New regulations come into force in England and Wales today regarding driving under the influence of drugs. These changes to the law came about because of campaigns following a number of tragic deaths caused by drivers under the influence. Enforcement of the regulations is made possible by the approval of a roadside test that can detect traces of drug in saliva. The test is based on the binding of the drug to a highly specific protein called an antibody, that then causes a colour change. (The device works in a similar way to a pregnancy test kit which detects diagnostic hormones in urine). A positive road-side drug’s test is only preliminary and a further blood test is necessary for confirmation in order to prosecute.
Most would argue that prosecution for driving under the influence of illicit drugs is a step forward for road safety. But in addition to illicit drugs, the new regulations cover certain prescription medicines and here I have a few concerns. The situation with illicit drugs is straightforward in that they are illegal for drivers or anyone else. The situation with drink-driving is a little different because alcohol is not illegal in the UK but a responsible driver nevertheless has the choice not to drink before getting into the car. Prescription drugs are a bit of a grey area however, because they can potentially impair driving ability but they are a necessary medication for the driver.
I’ll take one drug from the list of those now being regulated in respect to driving: morphine (for chronic pain). Morphine can certainly cause drowsiness and the small-print in the information leaflet advises the patient not drive if they feel impaired. More patients might be taking morphine than they realise however, because the presence of morphine in the bloodstream results from taking another medication, codeine. Many patients, when asked if they have taken morphine might truthfully reply that they have not, but nevertheless test positive because they have been prescribed codeine. I have a prescription for codeine to treat osteoarthritic chronic pain and I can state categorically, that I have had no warnings or information on this whatsoever.
Sufferers of chronic pain who take morphine (in the form of codeine) build up a resistance to its effects. A standard prescription dose of codeine is around 30-60 mg for chronic pain. Someone taking this medication on a regular basis would get pain relief without feeling any major adverse effects. If someone who was not on regular codeine took this dose then it would likely send them into a tail-spin. The maximum blood concentration of morphine after taking 30 mg codeine is typically around 200 ug per litre (a ug = a millionth of a gram), whereas the legal limit is now set at just 80 ug per L. Over-the-counter codeine comes in typically 3-4 mg tablets and two of those will typically result in blood maximum concentration of around 40 ug/L, which although lower than the limit is starting to approach it. Codeine is also present in some cough medication. Moreover, someone not taking codeine regularly will certainly feel the effects of a 40 ug per L blood concentration and in some cases may not be fit to drive. It is therefore hard to legislate the genuine effects on driving prescription codeine might have, based purely on a blood concentration.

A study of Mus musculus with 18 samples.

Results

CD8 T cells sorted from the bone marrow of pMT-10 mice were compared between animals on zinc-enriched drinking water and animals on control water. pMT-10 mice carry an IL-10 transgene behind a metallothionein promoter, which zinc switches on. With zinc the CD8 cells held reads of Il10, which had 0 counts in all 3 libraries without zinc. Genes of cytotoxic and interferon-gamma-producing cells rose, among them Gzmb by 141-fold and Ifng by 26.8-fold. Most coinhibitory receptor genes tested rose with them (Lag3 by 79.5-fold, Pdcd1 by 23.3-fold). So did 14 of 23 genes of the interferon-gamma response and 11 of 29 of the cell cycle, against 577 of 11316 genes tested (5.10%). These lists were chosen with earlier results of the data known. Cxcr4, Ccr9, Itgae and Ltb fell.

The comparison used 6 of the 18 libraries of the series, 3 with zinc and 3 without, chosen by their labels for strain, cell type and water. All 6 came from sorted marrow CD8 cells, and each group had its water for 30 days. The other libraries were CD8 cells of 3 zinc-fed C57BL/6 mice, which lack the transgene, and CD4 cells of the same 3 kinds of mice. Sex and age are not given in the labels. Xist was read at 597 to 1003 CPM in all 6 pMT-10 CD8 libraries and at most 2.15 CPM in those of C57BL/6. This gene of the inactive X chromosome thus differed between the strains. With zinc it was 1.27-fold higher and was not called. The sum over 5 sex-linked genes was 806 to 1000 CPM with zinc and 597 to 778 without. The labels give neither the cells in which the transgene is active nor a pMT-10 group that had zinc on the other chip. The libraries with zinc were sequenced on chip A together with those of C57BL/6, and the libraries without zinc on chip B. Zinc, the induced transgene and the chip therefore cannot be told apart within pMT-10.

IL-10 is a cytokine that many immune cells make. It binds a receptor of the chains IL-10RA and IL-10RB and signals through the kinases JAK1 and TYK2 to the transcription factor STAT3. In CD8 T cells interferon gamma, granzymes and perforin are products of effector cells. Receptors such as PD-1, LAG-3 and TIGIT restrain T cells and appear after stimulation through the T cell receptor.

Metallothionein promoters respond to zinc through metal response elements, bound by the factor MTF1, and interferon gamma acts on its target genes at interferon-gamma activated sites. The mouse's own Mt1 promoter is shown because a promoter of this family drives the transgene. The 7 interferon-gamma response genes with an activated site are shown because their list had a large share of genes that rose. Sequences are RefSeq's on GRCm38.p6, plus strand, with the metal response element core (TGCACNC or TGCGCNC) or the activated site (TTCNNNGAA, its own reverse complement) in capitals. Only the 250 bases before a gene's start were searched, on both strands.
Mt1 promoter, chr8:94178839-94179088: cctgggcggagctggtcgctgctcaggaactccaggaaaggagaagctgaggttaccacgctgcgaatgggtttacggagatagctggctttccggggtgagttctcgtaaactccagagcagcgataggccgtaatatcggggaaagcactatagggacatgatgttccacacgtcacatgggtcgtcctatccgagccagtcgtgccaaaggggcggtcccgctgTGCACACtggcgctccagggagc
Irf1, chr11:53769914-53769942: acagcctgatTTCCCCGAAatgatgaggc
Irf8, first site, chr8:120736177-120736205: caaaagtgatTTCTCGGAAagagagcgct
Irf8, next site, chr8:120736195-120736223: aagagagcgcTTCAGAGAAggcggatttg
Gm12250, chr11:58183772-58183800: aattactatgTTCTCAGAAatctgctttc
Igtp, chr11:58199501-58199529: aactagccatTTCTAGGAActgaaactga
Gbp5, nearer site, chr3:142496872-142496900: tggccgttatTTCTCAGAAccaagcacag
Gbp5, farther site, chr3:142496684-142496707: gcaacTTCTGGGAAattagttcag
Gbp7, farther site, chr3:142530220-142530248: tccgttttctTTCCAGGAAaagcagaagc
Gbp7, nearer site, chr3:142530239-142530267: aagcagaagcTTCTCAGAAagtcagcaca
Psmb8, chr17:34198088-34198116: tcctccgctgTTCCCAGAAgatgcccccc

There is another side to this same coin, in that someone who is on a prescription for codeine could avoid prosecution based on a medical defence. In theory if they give a positive road-side test for morphine and they can provide evidence to the officer that they are on prescription medication, then no action should follow. In practice this is going to depend on what they have been stopped for and the judgement of the police officer. A car is a ton and a half of weaponry in the wrong hands, and we should all take the privilege of driving responsibly. On the other hand, care has to be taken not to criminalise responsible drivers because they have to take prescription medication - as I say, this is a bit of a grey area.
I will end on what might be an urban myth, but then again might not. Poppy seeds contain opiates and substances such as morphine can be detected in the bloodstream after consumption. Could a driver be prosecuted therefore, for eating a bagel dusted in poppy seeds? Studies have been conducted over a number of years and the answer is - probably not, but it couldn’t be ruled out. Poppy seeds contain quite high concentrations of opiates, in some cases up to 200 mg/kg (a mg is a thousandth of a gram). Eating a single bagel even liberally dusted with high opiate-containing poppy seeds is unlikely to result in blood morphine concentrations exceeding 80 ug/mL. One test in Germany resulting in blood opiate concentrations reaching 10 ug per L and so it’s not impossible that a poppy seed or bagel addict might fall foul of the law but it’s pretty unlikely and I would not advise trying it out as a legal defence.